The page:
North Carolina Court Rules That Workers’ Compensation Insurance Company Lacked Standing to Bring Third-Party Negligence Action to Recover Benefits Paid to Employee Hurt in Crash


But what if the crash was someone else’s fault – like another driver who failed to yield to the ambulance’s emergency lights at an intersection? Potentially, the injured passenger could file a negligence claim against that driver. However, the workers’ compensation carrier would be entitled to subrogation for any monies that it had paid to the passenger for workers’ compensation benefits (like medical expenses or temporary disability).

Recently, a North Carolina court was called to rule on a case in which the workers’ compensation company – rather than the injured employee – had filed a negligence lawsuit against a driver who allegedly caused a collision with an ambulance.

Facts of the Case

In a recent case, the plaintiff was a workers’ compensation insurance company that provided benefits to a medical center employee who was injured while a front seat passenger in an ambulance in 2013. The accident allegedly happened when the defendant failed to yield to the ambulance when it entered an intersection with its emergency lights and sirens activated while en route to an emergency call.

The insurance company filed a negligence lawsuit against the defendant in 2015, seeking to recover the nearly $64,000 in workers’ compensation benefits that it had paid to the employee. The defendant, in turn, filed a third-party claim against the ambulance driver. Thereafter, the insurance company filed a motion to substitute the employee as the plaintiff. The trial court denied the motion and, instead, granted the defendant’s motion to dismiss the insurance company’s complaint, pursuant to N.C. Rule of Civil Procedure 12(b).

Decision of the Court of Appeals of North Carolina

The appellate court affirmed. Although the insurance company argued that N.C. Gen. Stat. § 97-10.2 provided standing for it to bring suit against the defendant, the court disagreed. According to the court’s interpretation of the statute upon which the defendant relied, the employee possessed the exclusive right to proceed against the defendant during the first 12 months after the accident; thereafter, either the employee or the employer could have brought suit up until the period beginning 60 days prior to the expiration of the applicable statute of limitations, at which point the right to bring the action reverted exclusively to the employee. The insurance company itself never had a statutory right to bring the claim.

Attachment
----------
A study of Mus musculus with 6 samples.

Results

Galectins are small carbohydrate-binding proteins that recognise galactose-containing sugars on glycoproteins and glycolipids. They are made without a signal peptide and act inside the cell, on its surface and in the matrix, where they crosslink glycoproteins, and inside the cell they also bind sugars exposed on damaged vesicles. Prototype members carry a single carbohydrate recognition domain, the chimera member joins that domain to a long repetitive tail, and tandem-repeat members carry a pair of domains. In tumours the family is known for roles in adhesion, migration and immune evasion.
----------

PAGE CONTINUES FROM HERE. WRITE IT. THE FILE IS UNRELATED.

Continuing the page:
In so holding, the court pointed out that the insurance company was aware that the statutory right to bring the claim would revert back to the employee 60 days before the statute of limitations expired, but it failed to speak to her before bringing the action.

Have You Been Hurt in a Raleigh Car Accident?

If you have questions about your legal rights following a car or truck accident, experienced Raleigh car accident attorney Carl Nagle is here to help. Call us at (800) 411-1583 to schedule a free case evaluation. We serve clients throughout the state of North Carolina, including in Durham, Chapel Hill, Hickory, Fayetteville, and Asheville.